A ‘rather tepid’ New Zealand PC market is likely to gain a boost from this week’s announcement that Lenovo is launching its consumer range here, but slowing sales are still expected for the year ahead.
IDC’s latest Quarterly PC Tracker shows New Zealand PC sales for the first quarter of 2015 down 14.4% on last quarter, to 186,000 units.
Arunachalam Muthiah, IDC New Zealand market analyst, says the sequential decline was experienced across both the desktop and notebook segments, with commercial more affected than consumer.
He says the primary reasons for the slowdown are the price rises brought on by the weakened New Zealand dollar, combined with the end of XP migrations, which helped drive the desktop market last year.
“There is no driver driving the market in 2015 and that’s one of the reasons for the major slowdown.”
Muthiah says some of the refreshes that would normally have happened in 2015, happened in 2014, as large corporates took the XP end of life as a chance to upgrade their computer fleet.
“That means there’s not much business because most of it was absorbed by XP migration last year.”
He says the only area doing really well in commercial is Chromebooks, driven largely by education for whom the fourth and first quarters of each year are key buying times.
Muthiah expects the growth of Chromebooks to continue for the next few quarters.
That Chromebook growth lead Acer to experience some ‘phenomenal’ quarter over quarter strides, jumping from 18% market share to 24%.
“They are doing really well with their Chromebooks and entry level notebooks.
“Their growth in Chromebooks has been phenomenal. And it’s not a one-off, they’ve been quite steady in education.”
On the consumer side, he says average selling prices have been declining drastically over the past few quarters with heavy competition from the likes of HP and Acer in the entry level space.
“That has driven the ASPs down, but at the same time it has got the volume up.
“It’s a bit unfortunate, because to maintain market share and volume vendors are now in a position to increase their ASPs to maintain market share.”
He says the notebook space was ‘restrained’ as excessive stock accumulated in the previous quarter decelerated expansion.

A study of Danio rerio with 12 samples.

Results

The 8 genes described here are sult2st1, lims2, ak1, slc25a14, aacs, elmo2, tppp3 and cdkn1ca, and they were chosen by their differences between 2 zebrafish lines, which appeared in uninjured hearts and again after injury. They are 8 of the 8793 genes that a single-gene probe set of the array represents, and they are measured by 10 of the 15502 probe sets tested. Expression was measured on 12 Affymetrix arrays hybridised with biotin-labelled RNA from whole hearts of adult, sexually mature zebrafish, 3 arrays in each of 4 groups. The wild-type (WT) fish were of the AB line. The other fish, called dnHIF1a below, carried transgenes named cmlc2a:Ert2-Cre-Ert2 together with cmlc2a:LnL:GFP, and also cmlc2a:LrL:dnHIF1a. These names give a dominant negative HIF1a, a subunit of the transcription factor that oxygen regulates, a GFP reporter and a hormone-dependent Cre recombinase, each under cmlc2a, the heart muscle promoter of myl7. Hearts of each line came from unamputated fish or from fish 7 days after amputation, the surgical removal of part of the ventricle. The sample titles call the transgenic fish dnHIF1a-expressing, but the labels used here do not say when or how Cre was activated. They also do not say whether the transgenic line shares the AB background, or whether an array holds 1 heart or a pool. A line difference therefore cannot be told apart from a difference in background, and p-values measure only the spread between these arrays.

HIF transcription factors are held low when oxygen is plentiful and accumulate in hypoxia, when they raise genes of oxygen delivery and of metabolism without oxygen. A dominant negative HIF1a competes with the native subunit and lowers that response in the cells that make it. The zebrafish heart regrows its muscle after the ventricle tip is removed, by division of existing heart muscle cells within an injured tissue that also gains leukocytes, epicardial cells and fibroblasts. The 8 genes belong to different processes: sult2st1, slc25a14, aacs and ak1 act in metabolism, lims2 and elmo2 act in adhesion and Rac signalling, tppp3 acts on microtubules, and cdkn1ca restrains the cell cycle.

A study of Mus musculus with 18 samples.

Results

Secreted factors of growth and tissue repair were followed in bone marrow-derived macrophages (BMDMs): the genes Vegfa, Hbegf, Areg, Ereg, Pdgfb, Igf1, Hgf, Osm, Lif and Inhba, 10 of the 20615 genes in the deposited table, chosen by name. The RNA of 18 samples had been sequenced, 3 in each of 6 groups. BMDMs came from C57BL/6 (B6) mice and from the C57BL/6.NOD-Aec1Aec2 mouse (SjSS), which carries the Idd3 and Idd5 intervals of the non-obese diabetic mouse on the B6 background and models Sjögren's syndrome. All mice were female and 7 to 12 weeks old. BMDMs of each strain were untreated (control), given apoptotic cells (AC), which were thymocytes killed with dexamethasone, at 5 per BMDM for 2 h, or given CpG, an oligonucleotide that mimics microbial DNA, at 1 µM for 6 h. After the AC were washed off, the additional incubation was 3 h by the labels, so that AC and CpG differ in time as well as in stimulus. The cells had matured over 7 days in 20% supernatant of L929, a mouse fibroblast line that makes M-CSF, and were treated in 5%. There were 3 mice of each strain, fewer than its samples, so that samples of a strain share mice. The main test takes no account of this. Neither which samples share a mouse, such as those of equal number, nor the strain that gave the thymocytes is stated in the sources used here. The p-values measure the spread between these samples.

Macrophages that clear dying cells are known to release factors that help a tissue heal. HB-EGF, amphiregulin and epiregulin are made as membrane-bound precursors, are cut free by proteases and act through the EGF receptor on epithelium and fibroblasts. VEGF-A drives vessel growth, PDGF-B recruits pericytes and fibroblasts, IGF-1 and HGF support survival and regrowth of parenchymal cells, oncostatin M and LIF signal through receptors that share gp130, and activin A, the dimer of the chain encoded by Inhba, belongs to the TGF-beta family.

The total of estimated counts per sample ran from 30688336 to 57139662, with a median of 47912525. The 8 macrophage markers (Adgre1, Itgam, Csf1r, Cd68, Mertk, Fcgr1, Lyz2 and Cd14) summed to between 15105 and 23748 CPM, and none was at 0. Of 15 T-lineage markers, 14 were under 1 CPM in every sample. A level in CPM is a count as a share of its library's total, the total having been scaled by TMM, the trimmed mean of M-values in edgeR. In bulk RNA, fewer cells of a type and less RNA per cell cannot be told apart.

“Other than Chromebooks and entry level notebooks, I don’t see much traction or a particular driver in the market that is positive.”
Muthiah, like many others, is not expecting Windows 10 to accelerate PC growth locally.
“I don’t think there is going to be a huge impact.
“For consumers the upgrade is going to be free and for commercial, they migrated from XP only last year and it’s a paid subscription to upgrade so I don’t think they will because of the hassle of doing it and the cost.”
He expects it to take 18 to 24 months before corporate start thinking about migrating to Windows 10.
HP held onto its market lead, with 37% share in Q1, a drop from Q4 2014’s 43%, with Acer taking up the slack and climbing from 19% to 24%.
Apple also made a move up the ladder, gaining 15% of the market – up from last quarter’s 12%.
“Apple is a well known brand name and it’s probably the eco-system which has helped Apple drive their notebooks,” Muthiah says.
“They’ve done well with their iPhone 6 and a lot of things start with your phone and your apps and then starts to move to your notebook and other devices.
“Apple’s way of driving growth is more getting the consumer into the eco-system through one of the devices, be it an iPhone, iPad or Mac and then from there bringing them in to buying other devices.”
He says 2014 was a great year for Apple in New Zealand and the latest quarter shows continuing strength.
Toshiba and Dell rounded out the top five New Zealand vendors.
While there’s been no change in the vendors in the top five – or indeed their rankings – that may change with Lenovo making a play for consumer in New Zealand.
“It will change a few things, particularly in the entry-level space,” Muthiah says.
Lenovo entered the Australian consumer space last year and has quickly captured ‘a large percentage of the market’.
“It’s no secret they are the world’s number one PC vendor, so they are expected to do well.
“And given their performance in Australia, I think we will see that same kind of aggressiveness in the market in New Zealand. They will do their best to replicate the same success in New Zealand.
“I’m sure competition will go even higher. It’s going to be really interesting.”
Muthiah says he expects fierce competition in the entry level space, but Lenovo’s broad product range could also see traction with the high end range of notebooks.
Lenovo has been offering its commercial range in New Zealand for several years.
In the wake of the tepid Q1 PC results, IDC has lowered its growth rates for 2015, and Muthiah says he expects the market will much slower than 2014, which was a bumper year for New Zealand with ‘astonishing’ year-on-year growth of 15.9%.
“The only exception to this 2015 slowdown will be the entry level notebooks, with price drops, aggressive competition as Lenovo enters the market; and chromebooks doing well in education. Those will drive the market.”